Lecture Title: Amphoras: Silent Observers of Ancient Maritime History
Speaker: Dr. David Switzer, Plymouth State University
Where: St. Augustine Lighthouse & Museum, Keeper’s House Gallry
When: Wednesday, October 29, 2008, 7:00 pm
RSVP: Please contact Sara Hansen by email or phone at 904-829-0745

Amphoras of various shapes were the sea-borne containers of the ancient Mediterranean. Maritime archaeologist Peter Throckmorton referred to them as “the jerry cans of antiquity”and the containers as “the equivalent of mass produced packaging”. Others have described them as “the 55 gallon drums of the ancient world”. As we shall see, however, plain cylindrical containers they were not. Rather, the jars exhibited curious pottery styles, each style being an indicator of the place or origin.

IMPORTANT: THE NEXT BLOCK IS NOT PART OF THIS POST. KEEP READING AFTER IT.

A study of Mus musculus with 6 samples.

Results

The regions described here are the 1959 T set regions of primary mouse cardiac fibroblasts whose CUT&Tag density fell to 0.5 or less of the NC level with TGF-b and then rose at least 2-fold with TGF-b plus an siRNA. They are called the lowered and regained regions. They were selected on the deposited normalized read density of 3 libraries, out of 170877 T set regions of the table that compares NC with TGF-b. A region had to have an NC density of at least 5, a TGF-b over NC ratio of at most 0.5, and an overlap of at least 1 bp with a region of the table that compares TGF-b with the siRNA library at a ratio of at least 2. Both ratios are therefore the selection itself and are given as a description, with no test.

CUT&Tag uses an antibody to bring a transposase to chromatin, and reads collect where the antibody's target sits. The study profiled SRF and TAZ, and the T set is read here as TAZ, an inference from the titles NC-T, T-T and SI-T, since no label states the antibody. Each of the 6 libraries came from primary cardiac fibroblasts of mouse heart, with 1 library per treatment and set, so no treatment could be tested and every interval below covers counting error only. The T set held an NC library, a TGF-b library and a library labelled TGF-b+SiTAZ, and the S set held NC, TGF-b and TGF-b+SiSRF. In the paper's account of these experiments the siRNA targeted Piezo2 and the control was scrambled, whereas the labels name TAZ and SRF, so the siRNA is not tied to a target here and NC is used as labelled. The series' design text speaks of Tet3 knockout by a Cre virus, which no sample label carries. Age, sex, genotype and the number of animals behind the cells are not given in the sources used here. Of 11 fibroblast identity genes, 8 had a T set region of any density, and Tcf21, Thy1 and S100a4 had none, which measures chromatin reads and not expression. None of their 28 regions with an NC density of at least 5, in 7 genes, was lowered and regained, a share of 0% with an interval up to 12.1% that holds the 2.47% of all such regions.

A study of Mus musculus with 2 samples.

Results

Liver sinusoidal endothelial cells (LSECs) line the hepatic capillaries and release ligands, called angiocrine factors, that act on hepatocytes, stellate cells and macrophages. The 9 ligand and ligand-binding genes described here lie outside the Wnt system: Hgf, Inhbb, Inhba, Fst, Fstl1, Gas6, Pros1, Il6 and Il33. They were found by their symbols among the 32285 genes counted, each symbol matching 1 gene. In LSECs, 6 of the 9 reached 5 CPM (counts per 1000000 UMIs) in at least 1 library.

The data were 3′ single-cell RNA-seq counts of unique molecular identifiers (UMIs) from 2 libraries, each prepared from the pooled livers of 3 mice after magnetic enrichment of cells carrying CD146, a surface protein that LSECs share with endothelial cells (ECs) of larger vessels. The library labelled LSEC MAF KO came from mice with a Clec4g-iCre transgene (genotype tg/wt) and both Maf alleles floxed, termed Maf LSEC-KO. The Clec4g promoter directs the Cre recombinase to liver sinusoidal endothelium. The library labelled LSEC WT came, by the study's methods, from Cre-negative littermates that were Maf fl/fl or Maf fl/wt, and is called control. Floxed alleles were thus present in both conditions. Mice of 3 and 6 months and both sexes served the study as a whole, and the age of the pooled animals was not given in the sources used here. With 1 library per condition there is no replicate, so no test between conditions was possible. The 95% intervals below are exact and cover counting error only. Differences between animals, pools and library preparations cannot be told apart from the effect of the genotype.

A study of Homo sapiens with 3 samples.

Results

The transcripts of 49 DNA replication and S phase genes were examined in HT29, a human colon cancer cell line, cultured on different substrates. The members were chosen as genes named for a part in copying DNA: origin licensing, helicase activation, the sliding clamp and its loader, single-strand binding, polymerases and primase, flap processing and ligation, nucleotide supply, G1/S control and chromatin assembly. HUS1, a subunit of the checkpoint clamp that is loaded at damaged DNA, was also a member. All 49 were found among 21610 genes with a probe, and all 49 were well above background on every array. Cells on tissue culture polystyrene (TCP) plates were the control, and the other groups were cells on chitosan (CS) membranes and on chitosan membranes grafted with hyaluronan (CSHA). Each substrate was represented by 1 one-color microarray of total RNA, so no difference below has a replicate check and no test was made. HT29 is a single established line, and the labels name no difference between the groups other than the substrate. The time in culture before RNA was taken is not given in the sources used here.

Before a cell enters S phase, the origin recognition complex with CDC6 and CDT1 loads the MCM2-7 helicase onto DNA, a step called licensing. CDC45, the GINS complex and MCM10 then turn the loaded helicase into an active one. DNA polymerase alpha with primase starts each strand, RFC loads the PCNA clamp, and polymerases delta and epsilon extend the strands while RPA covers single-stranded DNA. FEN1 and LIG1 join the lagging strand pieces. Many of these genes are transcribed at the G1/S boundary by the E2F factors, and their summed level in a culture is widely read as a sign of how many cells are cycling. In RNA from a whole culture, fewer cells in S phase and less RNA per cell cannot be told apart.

Before SCUBA assisted diving arrived on the underwater scene, hard hat sponge divers had been the only observers of piles of amphoras on the seabed. For the divers, the amphora mounds were just places where sponges waited to be plucked. Previously archaeologists had only examined amphoras that had been revealed through excavations on land sites. Archaeology took on a new dimension when diving archaeologists began to investigate ancient ship wrecks Along with recovered amphoras, information was gained about how coastal freighters and deep water voyagers had been built as well as the various routes they traveled to pick up and deliver their cargos.
This presentation is about the vessels, their cargos, shipbuilding techniques, and analysis of original contents, subjects about which amphoras could have had a lot to say had they had voices. The voices have been provided by classical and nautical archaeologists and scientists from the 1960’s to the present.